Tuesday, November 15, 2016

Have I Betrayed My Childhood Self?

I can still remember the questions I pondered as a child:

  • What will my job be when I grow up?
  • Who will I marry? (Will she be hot?)
  • Where will I live?
  • How many kids will I have?
  • Will I grow old?  How old?
I also recall some of the promises I made to myself as a child:
  • I will become rich.
  • I will become famous.
  • Nobody will ever tell me what to do.
I didn’t keep any of those promises.

Until I left the rat race a few years ago, I sometimes felt guilty about coming up short. Today I understand that I am not beholden to my childhood self. These dreams served a developmental purpose (in order to become an adult, one must first envision it), but I shouldn't have considered them a blueprint for life. Our childhood ambitions are misguided because young people cannot grasp life’s complexities, and don’t appreciate its subtleties. The degree of wisdom necessary to do so is acquired later in life, if ever.

In retrospect, these are the questions I should have pondered as a child:
  • Will I be lucky enough to find real love? (I was)
  • Will I have my health? (I did for the first 38 years)
  • Will I lead a happy and contented life? (I have)
  • Will I have a fulfilling career? (not really, but it paid the bills)
  • Will I be a good person? (with some exceptions, I think I have been)
And these are the promises I should have made to myself when I was a kid:
  • I will not presume that life owes me anything; any positive experiences beyond being born are simply frosting on the cake.
  • I will be a lifelong learner, a rational and open-minded thinker, and a candid, yet polite, communicator.
  • I will not waste precious resources on jealousy, hatred, or revenge.
  • I will try to do my small part to improve the human condition.
  • I will not blindly adhere to hollow societal norms.   
  • I will live each day as if it will be my last.
  • I will be true to my family and friends.
  • I will be reliable and humble.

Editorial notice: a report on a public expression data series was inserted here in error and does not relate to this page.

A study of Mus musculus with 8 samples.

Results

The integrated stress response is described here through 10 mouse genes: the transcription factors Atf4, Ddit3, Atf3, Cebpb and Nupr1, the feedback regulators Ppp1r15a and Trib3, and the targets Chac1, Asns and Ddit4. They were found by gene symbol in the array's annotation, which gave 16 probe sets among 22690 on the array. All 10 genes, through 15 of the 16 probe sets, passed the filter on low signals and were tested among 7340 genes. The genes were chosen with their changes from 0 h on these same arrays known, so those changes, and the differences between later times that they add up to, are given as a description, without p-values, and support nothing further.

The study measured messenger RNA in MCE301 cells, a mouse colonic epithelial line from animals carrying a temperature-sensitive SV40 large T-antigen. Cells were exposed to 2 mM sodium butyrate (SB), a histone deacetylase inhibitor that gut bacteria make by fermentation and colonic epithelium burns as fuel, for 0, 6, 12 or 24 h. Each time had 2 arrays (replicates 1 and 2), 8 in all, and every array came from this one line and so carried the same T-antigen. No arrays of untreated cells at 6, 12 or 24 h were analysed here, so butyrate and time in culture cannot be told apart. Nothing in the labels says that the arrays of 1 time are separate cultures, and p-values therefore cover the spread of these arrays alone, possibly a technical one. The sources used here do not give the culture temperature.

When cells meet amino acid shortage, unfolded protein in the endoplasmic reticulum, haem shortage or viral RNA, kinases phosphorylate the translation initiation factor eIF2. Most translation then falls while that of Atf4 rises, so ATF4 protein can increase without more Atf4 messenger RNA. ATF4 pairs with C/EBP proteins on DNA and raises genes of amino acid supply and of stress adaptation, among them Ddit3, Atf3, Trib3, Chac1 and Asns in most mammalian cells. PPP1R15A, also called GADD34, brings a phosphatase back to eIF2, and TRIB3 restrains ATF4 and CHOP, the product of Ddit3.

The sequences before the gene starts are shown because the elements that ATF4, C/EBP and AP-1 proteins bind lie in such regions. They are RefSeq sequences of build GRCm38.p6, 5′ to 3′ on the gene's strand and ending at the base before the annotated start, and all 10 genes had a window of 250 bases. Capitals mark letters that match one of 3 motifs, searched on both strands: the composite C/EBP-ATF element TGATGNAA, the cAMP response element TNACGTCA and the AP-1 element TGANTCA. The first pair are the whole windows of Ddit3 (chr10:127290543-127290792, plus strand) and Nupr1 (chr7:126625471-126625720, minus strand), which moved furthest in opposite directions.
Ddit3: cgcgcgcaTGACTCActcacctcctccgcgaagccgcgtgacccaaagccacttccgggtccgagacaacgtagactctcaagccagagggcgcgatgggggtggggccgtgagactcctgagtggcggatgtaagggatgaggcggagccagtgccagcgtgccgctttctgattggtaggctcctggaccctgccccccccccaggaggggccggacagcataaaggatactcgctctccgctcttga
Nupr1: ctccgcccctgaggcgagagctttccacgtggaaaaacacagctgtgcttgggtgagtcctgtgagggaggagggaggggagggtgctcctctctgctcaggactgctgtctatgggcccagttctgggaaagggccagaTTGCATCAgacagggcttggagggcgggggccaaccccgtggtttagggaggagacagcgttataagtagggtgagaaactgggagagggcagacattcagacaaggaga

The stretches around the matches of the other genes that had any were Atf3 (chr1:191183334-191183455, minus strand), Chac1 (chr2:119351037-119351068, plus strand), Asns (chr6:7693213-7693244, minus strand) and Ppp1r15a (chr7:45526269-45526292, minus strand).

• I will have fun, lots of it.  
  • Even when life becomes difficult, I will endeavor to persevere.
If I had made these promises to myself as a child, could I have kept them? Let’s just say that at 53 years of age, I’m still a work in progress.

If young Mitch could have peered into the future, I’m quite certain he would have been disappointed with what he saw. But young Mitch wasn’t smart enough to discern what a good life looks like. How could he have? He was just a kid.


  1. Beautiful :) Hopefully coming soon to middle school curriculums everywhere.

    1. Middle schoolers are scary. Put me in front of a room of CEOs and I'll be comfortable. But those kids…

  2. I agree with Claudia -- it should be a cornerstone of all school curriculums. The life-long learning continues...I'll be referring back to this post often!

    1. I would have to change the approach a little bit. I couldn't say, "your current vision of what your adult life will be like is wrong because you don't have enough wisdom yet." I would have to emphasize broadening their perspective about the future to something other than traditional achievement only.

  3. My sister (who has chronic autoimmune liver disease) thinks we should be born with an old body and as we age, get younger. That way our experience and good sense will come when our bodies are the most fit. Ah well, we were all bonkers as kids, weren't we? Love your Mom's cat-eye glasses, by the way! I had some too.

    1. Your sister is right. Wisdom is wasted on the old. Youth is wasted on the young.

    2. I always thought the same thing .... every year we'd get to look forward to getting younger. Wouldn't that be fun.